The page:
Brazilian poet/lyricist, diplomat, and self-proclaimed “Blackest white man in Brazil” Vinicius de Moraes reveals much in his handwritten liner notes to this Egle Martin single from 1970. “The dombe, the child of candombe, is destined to catch fire worldwide, like the rumba, the mambo, the cha-cha-cha, and now the samba, through the bossa nova,” he wrote. Judging from Vinicius’s note, Egle’s foray into the Afro-Argentinean sound was a shot at launching a new Latin dance fad with debts to candombe but with a modern rhythm section for the kids—something like what boogaloo is to traditional Latin rhythms. Egle’s dombe was a minor hit in her native Argentina, but, unfortunately, this pop adaptation of the regional candombe style never found an audience outside of Argentina and Uruguay, where it is most widely appreciated.
Candombe, like most African traditions brought over to the New World by slaves, was marginalized, outlawed, and shunned by Argentina’s ruling class during the colonial era and, arguably, up to the present day. Today, roughly five percent of Argentines self-identify as having African heritage, despite the fact that throughout the eighteenth and nineteenth centuries up to fifty percent of the population of some provinces were of African descent. Wars, disease, and high infant mortality rates decimated the male Afro-Argentinean population during the latter half of the nineteenth century, leaving the women to intermarry with the booming European immigrant population. Today, there are only a few small pockets of Afro-Argentineans remaining in Buenos Aires.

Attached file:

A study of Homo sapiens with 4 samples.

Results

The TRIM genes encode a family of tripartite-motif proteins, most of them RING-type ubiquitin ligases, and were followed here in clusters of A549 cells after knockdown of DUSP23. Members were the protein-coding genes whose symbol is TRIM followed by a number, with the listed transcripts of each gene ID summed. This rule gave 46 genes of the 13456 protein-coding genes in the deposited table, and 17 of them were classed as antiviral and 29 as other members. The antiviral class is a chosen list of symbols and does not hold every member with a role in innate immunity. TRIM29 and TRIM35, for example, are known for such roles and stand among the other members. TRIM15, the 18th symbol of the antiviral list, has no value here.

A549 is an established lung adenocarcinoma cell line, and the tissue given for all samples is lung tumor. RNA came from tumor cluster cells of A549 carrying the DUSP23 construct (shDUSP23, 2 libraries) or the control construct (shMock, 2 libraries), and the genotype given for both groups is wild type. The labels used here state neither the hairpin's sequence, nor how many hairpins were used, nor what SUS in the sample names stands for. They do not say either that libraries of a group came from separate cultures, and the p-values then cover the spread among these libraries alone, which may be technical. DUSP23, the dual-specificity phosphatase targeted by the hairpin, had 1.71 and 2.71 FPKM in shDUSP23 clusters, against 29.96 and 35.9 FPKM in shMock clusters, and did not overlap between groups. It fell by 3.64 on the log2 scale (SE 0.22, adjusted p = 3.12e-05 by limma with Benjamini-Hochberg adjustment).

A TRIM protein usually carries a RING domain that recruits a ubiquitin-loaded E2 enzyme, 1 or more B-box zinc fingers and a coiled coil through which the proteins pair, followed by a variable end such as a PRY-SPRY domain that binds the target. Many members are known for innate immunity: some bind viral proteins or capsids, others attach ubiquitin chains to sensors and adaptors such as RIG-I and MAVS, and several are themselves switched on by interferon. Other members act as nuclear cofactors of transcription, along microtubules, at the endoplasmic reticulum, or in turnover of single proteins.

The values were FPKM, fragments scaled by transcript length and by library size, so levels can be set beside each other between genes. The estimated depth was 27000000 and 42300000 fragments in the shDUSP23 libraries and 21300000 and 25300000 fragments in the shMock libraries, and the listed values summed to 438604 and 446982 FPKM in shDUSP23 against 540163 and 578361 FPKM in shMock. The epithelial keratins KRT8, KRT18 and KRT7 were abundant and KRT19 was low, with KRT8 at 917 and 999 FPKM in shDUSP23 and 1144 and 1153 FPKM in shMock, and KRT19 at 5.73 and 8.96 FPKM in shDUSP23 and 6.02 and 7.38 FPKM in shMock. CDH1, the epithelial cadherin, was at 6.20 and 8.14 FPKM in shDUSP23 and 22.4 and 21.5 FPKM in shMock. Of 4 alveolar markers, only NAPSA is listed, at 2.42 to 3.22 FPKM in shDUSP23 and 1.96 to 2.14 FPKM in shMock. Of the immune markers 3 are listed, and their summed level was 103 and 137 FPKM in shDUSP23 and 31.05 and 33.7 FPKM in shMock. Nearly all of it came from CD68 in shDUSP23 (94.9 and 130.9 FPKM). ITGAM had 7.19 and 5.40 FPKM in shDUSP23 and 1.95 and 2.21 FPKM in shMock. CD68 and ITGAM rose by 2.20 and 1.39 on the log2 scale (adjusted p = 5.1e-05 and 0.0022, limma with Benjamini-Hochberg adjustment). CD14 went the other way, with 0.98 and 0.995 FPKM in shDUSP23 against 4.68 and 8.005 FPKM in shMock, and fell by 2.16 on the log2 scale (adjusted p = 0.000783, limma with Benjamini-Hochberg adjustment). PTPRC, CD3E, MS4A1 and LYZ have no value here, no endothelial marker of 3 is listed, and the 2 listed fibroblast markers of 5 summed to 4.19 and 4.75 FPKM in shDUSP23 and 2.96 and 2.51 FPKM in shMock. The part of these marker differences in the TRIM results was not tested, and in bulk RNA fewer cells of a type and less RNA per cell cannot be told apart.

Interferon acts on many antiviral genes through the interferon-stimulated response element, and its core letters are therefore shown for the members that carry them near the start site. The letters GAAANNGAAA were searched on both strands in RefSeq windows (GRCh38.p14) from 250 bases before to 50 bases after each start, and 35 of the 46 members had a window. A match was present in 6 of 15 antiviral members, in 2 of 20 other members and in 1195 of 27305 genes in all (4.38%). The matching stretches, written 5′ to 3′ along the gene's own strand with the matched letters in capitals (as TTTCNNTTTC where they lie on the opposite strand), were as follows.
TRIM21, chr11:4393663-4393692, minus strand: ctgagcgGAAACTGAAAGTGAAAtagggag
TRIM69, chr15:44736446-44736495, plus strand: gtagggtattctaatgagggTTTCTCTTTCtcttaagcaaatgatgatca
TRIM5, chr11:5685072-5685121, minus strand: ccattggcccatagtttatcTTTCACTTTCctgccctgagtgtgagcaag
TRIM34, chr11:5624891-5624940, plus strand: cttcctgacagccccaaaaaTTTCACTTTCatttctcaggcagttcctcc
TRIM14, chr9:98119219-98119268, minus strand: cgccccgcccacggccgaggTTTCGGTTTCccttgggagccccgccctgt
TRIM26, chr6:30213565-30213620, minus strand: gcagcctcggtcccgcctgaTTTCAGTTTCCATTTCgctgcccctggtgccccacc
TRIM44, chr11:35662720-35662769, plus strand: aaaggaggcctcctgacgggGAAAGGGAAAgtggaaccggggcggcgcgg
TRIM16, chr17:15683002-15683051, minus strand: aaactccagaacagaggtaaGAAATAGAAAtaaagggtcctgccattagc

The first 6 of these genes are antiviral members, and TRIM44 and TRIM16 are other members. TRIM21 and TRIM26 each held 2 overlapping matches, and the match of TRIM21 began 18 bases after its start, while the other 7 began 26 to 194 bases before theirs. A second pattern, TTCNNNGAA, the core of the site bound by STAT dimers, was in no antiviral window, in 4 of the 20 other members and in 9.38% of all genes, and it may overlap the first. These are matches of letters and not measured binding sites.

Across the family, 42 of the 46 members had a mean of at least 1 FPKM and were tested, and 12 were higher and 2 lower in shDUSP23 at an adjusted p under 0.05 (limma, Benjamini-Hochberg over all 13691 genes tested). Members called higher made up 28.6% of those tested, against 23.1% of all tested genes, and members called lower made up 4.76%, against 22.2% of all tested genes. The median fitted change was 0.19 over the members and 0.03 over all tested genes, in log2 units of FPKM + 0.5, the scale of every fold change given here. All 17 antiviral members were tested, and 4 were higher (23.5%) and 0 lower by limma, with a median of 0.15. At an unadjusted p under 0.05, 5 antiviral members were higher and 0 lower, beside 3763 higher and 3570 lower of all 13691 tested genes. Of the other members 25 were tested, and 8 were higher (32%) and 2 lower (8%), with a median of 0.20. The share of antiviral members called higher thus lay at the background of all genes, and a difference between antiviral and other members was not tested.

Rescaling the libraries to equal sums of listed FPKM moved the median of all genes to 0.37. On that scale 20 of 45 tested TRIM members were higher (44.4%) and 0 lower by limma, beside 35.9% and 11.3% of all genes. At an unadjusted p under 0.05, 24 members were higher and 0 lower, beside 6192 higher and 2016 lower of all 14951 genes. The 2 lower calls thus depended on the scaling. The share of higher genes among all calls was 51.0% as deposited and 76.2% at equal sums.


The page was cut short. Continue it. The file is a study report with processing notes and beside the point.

Egle Martin started performing in 1963, starring in films and recording on various musical projects, including a soundtrack collaboration with tango master Astor Piazzolla. When asked about “El Dombe” and “Dombe Barilo,” her only foray into candombe, she said, “During the many years I looked for my own voice, I sang jazz, then my Brazilian friends introduced me to the bossa nova.” Encouraged by Brazilian musician friends Maysa and Vinicius to “find the bossa nova from Buenos Aires,” Egle’s search led her to “some Afro-Argentineans in a basement playing candombe!”
Similar to hybrid musical styles from across the Americas, like samba from Brazil and son from Cuba, candombe mixes traditional rhythms with European accents. Three drums of different sizes are employed to create the syncopated beat at the core of the candombe. Egle’s tunes build on this rhythm, but her take on the style augments the drum trio with a drum kit, electric bass, electric guitar, and a smoking horn section. Normally, candombes are sung by a single female vocal, a tradition that works in the favor of this singer/actress. Sounding like a Latin Shirley Bassey backed by Jorge Ben’s band, the girl from Buenos Aires made two very convincing arguments about why candombe should’ve been the next bossa nova.